Vilda Purutçuoğlu* and Ernst Wit

Author Affiliations

Department of Mathematics and Statistics, Lancaster University, Lancaster, LA1 4YF, UK


The electronic version of this article is the complete one and can be found online at:

Published:8 May 2007

© 2007 Purutçuoğlu and Wit; licensee BioMed Central Ltd.


All cellular activations are regulated by various signal transduction pathways, which are the network of interacting proteins used to carry over signals in the cell's environment for producing associate responses. The MAPK (mitogen-activated protein kinase) or its synonymous ERK (extracellular signal regulated kinase) pathway is one of the major signal transduction systems which regulates the cellular growth control of all eukaryotes like cell proliferation or apoptosis. The complex structure of this regulatory mechanism whose main components are Ras, Raf, and MEK proteins (see Figure 1) includes a number of phosphorylations on the protein level. The functionality of these proteins is stochastic in nature and directed by positive and negative feedback loops that cause either activation or inhibition of other proteins.

thumbnailFigure 1. Simple representation of the structure of MAPK/ERK pathway.

Due to the importance in the cellular lifecycle, the MAPK/ERK pathway has been intensively studied, thereby a number of qualitative descriptions of this regulatory mechanism are available in the literature. However none of the sources describe the system by an explicit set of reactions. Here we combine these qualitative sources for a representation of the pathway as a list of (quasi) reactions which is used to produce a basis for stochastic simulation. For defining our reaction set we denote all components by simple notations and use multiple parametrizations to indicate different localization of the molecules in the cell and to describe the protein using different binding sites as well as various phosphorylations.

Modelling by diffusion approximation

Gene regulation is commonly modelled via ordinary differential equations (ODEs). Although ODEs are successful to represent some reactions like linear production and degradation, they cannot describe the small system variability of the actual reactions. For biochemical systems, stochastic processes are a natural choice as these kinds of dynamic formalization take into account the probabilistic manner of the different biological activations. In this study under the assumption that the probability distribution of the number of the molecules of each species at t depends on the continuous t and continuous number of molecules, we use the diffusion approximation to explain the change of state of each substrate at t. In this modelling the current state is found by a Langevin approach, where a correlated noise term describes the stochastic behaviour of the model over and above the drift term via dY(t) = μ(Y, Θ)dt + β1/2 (Y, Θ)dW(t) in which dW(t) is a s-dimensional vector representing the change of a Brownian motion over time and s is the total number of substrates in the system. μ(Y, Θ) = V'a(Yt, Θ) and β(Y, Θ) = V'diag{a(Yt, Θ)}V are mean, or drift, and variance, or diffusion, matrices, respectively, both depending on the state of the system Y at time t, and the parameter vector Θ = (Θ1,...,Θr)' explicitly. Θj(j = 1,...,r) represents the stochastic rate constant of the j th reaction and r denotes the total number of reaction. Accordingly V is the net effect matrix and r-dimensional vector a(Yt, Θ) describes the hazard of each reaction at time t. The algorithm computes the next state at t + dt by replacing Y(t) by Y(t) + dY(t).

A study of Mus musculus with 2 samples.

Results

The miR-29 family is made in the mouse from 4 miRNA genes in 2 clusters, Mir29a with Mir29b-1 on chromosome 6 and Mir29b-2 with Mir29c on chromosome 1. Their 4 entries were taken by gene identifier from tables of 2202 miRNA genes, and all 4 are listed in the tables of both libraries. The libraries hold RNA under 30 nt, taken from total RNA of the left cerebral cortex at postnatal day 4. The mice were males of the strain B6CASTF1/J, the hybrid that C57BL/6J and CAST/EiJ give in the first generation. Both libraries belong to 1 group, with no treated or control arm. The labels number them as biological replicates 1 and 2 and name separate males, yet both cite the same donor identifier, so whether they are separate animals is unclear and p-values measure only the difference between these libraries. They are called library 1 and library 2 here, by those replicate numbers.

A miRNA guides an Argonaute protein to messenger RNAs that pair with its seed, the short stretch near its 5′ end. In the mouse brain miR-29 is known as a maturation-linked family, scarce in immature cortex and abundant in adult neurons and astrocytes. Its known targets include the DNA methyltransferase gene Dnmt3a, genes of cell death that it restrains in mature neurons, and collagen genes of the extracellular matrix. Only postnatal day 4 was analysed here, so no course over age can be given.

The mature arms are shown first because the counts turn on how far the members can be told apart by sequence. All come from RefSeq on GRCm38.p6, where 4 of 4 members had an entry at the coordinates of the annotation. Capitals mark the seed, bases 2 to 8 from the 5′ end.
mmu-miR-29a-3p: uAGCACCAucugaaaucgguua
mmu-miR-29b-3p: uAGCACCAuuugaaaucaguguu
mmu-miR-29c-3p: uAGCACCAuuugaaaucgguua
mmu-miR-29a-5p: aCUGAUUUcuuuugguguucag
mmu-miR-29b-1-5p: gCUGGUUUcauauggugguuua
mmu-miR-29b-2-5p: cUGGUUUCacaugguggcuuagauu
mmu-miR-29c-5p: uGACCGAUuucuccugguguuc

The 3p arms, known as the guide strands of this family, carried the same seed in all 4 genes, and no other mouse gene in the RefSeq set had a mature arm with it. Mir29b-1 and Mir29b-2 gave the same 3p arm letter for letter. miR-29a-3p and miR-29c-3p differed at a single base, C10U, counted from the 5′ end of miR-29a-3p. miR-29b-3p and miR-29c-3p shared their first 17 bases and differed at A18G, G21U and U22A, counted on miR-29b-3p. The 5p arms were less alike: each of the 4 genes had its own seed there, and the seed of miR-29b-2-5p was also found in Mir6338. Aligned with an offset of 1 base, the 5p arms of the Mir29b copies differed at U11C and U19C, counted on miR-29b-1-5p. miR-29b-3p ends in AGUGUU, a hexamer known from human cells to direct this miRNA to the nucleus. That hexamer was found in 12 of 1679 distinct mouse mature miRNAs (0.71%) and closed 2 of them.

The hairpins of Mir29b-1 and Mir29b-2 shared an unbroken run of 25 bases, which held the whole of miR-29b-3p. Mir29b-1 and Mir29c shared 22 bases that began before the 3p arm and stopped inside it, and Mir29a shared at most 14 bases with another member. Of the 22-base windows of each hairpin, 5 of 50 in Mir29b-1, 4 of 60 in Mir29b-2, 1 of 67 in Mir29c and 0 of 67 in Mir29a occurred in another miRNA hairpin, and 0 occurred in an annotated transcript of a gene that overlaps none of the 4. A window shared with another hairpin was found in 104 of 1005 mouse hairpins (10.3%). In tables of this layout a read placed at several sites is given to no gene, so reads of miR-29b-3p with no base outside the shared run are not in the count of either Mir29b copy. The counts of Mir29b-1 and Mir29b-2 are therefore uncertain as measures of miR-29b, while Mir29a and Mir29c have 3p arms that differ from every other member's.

Diffusion approximation for inference

For estimating the model parameters, i.e. the stochastic rate constants, we apply the discretized version of diffusion approximation, which is known as Euler approximation, ΔYt = μ(Yt, Θ)Δt + β1/2(Yt, Θ)ΔWt, where ΔWt shows a s-dimensional independent identically distributed N(0, IΔt) random vector. We define our data vector as a (n + 1) × s matrix in which each column indicates a vector of <a onClick="popup('','MathML',630,470);return false;" target="_blank" href="">View MathML</a> and n stands for the total number of observed time step. Finally I is the indicator of the i th substrate. Since the change in state for a given Δt has a multivariate normal distribution, the likelihood associated with this time increment is derived proportional to

<a onClick="popup('','MathML',630,470);return false;" target="_blank" href="">View MathML</a>

where <a onClick="popup('','MathML',630,470);return false;" target="_blank" href="">View MathML</a> shows the state of the i th substrate at time t and ΔYt = Yt + Δt - Yt. As can be seen from equation 1, the conditional posterior density of reaction rates Θ does not have a known distribution. We compute the posterior distribution of Θ using the MCMC method. Moreover to decrease the bias causing by discretization we augment our observations by putting extra time states between given measurements. Then conditional on accepted Θ, we simulate and update the missing states by implementing the Metropolis-Hastings algorithm as one block of <a onClick="popup('','MathML',630,470);return false;" target="_blank" href="">View MathML</a> at a time. On simulated data we observe that the sampler converges well and is able to identify the dynamics of the MAPK/ERK pathway.